I’ve been reading the early chapters of Impossible Takes a Little Longer to my writing group. While the reaction has been mostly positive, several people have pointed out that I’m spending a lot of time showing casual interactions between KC and her friends (Matt, Sarah, Skeeter) rather than on the plot — is this really what I should be setting up? Will the investment in these people pay off?
The answer, I hope, is yes. KC’s friends play a very large role in the book and her need to connect with people is important to her character. But after reading Dima Zales’ The Girl Who Sees: Sasha Urban Series I I can see why they’re concerned.
I picked up the book (cool cover by Orina Kafe) despite urban fantasy being a tough sell for me. That’s because it’s about a stage mentalist who discovers she has real magical powers. The interplay between magic and stage magic fascinates me (I’ve seen it occasionally) so as this was a free download (a hook for the seven book series) I gave it a try.
It read like the first issue of a new superhero comic book (which is not a bad thing) stretched out to 300 pages (that’s the bad part). The set-up far outweighed the plot: we hang out with Sasha’s roommates, hang out with her at work and spend long stretches where the magical initiates are explaining the magical world to the newbie (that almost always turns me off). If it had been Sasha Urban #1 I’d have been okay with this, but for a novel, even the first in a series, it seems like a waste of space.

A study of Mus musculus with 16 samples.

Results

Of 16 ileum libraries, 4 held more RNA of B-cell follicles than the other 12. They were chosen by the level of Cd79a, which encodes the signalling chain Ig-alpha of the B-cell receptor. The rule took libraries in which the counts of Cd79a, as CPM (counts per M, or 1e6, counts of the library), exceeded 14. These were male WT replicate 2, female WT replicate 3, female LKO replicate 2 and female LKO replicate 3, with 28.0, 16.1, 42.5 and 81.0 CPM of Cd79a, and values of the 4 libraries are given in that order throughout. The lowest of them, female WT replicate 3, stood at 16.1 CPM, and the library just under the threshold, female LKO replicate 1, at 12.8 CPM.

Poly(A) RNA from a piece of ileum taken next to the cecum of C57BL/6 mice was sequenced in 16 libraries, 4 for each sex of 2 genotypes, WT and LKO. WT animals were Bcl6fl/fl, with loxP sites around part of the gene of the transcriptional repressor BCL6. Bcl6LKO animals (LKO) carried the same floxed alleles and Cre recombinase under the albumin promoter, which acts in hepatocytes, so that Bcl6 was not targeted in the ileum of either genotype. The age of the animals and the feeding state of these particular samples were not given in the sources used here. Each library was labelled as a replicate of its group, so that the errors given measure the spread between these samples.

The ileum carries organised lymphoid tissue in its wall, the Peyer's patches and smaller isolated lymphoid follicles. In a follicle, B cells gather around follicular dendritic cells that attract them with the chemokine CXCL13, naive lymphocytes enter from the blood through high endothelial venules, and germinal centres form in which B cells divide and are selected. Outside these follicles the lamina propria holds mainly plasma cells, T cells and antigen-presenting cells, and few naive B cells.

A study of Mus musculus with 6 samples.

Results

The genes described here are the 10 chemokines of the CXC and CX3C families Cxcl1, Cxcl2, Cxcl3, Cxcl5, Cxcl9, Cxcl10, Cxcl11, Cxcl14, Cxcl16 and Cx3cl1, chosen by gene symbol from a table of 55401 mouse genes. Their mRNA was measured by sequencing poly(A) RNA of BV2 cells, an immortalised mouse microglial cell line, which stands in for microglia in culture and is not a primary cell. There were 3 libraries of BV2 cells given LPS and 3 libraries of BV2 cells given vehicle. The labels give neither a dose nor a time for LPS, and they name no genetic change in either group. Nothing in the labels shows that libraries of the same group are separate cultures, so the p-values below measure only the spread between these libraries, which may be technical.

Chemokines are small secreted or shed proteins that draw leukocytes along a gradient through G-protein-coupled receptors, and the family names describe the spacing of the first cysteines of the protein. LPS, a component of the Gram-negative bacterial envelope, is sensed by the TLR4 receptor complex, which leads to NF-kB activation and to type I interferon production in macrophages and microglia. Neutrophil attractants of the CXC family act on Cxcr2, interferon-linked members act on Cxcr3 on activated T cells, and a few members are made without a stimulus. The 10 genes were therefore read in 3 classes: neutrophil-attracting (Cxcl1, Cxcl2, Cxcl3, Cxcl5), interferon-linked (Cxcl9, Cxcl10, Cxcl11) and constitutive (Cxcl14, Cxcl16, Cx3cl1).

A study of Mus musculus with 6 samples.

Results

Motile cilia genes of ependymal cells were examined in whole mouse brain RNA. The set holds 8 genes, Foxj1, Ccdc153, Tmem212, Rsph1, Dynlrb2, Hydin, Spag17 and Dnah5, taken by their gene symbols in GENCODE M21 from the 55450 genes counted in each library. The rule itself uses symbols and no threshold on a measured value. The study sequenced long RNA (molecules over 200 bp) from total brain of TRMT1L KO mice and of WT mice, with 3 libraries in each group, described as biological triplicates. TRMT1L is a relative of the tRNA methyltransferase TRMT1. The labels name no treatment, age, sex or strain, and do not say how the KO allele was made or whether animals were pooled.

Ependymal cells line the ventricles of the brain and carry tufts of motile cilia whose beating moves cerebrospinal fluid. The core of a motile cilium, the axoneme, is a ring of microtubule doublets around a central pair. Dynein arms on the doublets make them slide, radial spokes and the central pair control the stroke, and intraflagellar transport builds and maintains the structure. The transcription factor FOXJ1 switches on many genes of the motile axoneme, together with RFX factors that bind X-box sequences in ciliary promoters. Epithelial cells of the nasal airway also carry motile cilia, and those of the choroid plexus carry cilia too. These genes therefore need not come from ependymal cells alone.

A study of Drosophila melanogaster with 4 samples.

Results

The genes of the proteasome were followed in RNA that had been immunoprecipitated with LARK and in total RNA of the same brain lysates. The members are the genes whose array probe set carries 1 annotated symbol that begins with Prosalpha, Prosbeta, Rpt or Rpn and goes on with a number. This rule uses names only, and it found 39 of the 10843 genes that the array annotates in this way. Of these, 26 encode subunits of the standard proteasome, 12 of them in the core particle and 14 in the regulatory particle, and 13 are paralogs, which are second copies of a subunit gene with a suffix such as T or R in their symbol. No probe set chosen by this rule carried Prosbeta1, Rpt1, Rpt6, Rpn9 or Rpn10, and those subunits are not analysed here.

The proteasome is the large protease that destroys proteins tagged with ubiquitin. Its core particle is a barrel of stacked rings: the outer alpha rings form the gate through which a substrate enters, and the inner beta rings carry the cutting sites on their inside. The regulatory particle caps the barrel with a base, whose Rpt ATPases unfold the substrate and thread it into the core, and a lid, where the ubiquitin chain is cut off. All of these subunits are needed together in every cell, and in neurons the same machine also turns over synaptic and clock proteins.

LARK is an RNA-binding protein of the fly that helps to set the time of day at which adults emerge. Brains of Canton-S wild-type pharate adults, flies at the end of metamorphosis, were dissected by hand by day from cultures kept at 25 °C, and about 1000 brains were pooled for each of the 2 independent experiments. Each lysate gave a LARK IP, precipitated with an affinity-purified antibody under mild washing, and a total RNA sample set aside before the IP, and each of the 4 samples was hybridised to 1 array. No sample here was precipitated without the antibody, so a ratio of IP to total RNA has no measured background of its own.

So yeah, the feedback on Impossible has a point. The relationships will pay off but too much time spent on them is going to give the book the wrong feel. Of course this is the first draft of my redraft so like a lot of writers I’m setting up a lot of stuff up front to make sure I can put it in. I can shift it around and sharpen the focus of the early chapters in the next draft.
While The Girl Who Sees didn’t work for me, it was useful to read it.